Are there virtual ethics in the e-economy? Bonar Irving thinks so, and the head of the Better Business Bureau of Southern Alberta is using the Internet to reach out to both corporations and consumers to convince them that the BBB — and its model of corporate responsibility — is an integral part of the new economy.
Irving, who last week replaced retiring BBB president and CEO Norm Haines, is quick to admit the backbone of the bureau’s 3,600 membership is largely traditional bricks-and-mortar companies. But that’s about to change, under the leadership of the new forward-looking boss.
“I don’t think the new economy is so new anymore,” he notes. “I think we need to move ahead and get into that area.
“One of the things I’m excited about is moving the BBB more to where people are seeking information. That’s the Internet . . . so we really have to be there.”
Irving’s own background is solidly grounded in the business community, despite starting his career as an elementary teacher following university.
He was taking evening and summer courses in accounting, as well as doing some work for H&R Block, when the income tax firm made him a job offer in the early ’70s.
It was the start of a 25-year career with the company, which eventually brought the Lethbridge native to the level of senior vice-president and general manager for the company nationwide.
The father of four grown children retired this past April, and when he heard about the BBB position, “it tweaked my interest.”
“At H&R block, we built our relationship with our customers on trust and ethics. It is something I had strong feelings about . . . it just seemed like a really good fit.”
The 46-year-old bureau offers several services, including helping mediate disputes between consumers and merchants, and offering information on member and non-member companies.
The Calgary office and its staff of 24 handled an estimated 140,000 inquiries and complaints last year alone.
The bureau also works with Alberta Justice, co-ordinating 117 mediators who review ongoing court cases to discover if mediation would be a better alternative for the feuding parties.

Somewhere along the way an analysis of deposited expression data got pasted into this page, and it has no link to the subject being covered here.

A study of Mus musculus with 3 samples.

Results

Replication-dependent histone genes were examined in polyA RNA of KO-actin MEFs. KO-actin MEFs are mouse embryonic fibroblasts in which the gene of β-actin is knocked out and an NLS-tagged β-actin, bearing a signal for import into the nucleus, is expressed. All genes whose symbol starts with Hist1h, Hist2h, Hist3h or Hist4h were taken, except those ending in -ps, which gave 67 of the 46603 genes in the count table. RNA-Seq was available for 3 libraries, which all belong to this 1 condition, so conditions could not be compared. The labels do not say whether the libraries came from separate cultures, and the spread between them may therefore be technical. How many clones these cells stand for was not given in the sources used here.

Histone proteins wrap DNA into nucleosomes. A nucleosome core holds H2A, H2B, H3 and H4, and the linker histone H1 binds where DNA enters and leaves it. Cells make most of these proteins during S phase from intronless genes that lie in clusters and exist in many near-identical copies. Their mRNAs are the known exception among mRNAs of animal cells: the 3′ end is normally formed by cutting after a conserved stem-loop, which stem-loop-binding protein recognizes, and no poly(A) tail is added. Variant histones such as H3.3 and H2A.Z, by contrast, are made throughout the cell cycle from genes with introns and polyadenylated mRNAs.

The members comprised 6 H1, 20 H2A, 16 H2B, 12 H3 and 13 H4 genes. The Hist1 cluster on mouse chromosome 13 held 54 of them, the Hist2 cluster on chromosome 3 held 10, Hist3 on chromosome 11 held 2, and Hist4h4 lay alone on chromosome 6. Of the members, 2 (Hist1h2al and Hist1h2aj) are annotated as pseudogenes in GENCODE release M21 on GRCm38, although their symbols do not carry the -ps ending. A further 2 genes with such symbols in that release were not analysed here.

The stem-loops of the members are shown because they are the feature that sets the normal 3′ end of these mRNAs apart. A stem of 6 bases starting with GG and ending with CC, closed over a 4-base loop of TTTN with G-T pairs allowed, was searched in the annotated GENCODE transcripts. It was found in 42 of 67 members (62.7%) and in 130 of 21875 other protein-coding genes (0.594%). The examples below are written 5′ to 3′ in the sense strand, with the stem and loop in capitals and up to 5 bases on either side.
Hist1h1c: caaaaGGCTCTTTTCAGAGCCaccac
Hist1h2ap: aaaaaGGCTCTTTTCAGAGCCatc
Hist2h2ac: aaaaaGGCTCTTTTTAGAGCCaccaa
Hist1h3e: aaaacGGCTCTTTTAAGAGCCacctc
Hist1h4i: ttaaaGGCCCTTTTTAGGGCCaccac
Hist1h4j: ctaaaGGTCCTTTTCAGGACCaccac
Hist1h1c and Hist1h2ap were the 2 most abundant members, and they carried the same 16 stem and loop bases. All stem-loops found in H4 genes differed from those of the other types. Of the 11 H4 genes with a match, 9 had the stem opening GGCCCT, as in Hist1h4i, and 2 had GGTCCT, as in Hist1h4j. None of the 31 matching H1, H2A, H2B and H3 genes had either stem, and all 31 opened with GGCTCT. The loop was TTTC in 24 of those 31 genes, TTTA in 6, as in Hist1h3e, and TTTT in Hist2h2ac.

Irving credits Haines for helping boost the bureau’s own membership figures and profile during his 15 years of service.
And he has his own sights firmly set on implementing some of the initiatives started by his predecessor — including doubling membership levels over the next five years.
“It is ambitious,” he admits, “but I think as we move into the new (economy), we will find members who are going to want to belong.”
The bureau is now preparing to provide online “reliability reports” of companies on its Web site (www.southernalbertabbb.ab.ca), a service now available only by phone.
There’s also a plan to adopt an advertising review process to check for inconsistency in advertising claims.
The BBB is also planning to eventually introduce a trust mark, or a BBB seal of approval, which member companies can use on their own Web sites to demonstrate their commitment to the bureau’s code of ethics for online commerce.
“I think it’s important that people recognize that if they see the BBB seal, they can be confident there are business ethics being practiced in that company, whether it’s business to business or B2C,” Irving says.
“As we make membership available to the new economy, I think they will also recognize the value in having people understand what belonging to the bureau means and the value it has to be able to say you’re a member of the BBB.”
Irving is planning to lead the bureau into the new millennium, and estimates his new career in positioning the bureau to tackle the challenges of the e-commerce economy will last between three and five years.
“Then,” winks Irving, an avid member of Priddis Greens Golf and Country Club, “I will be able to golf.”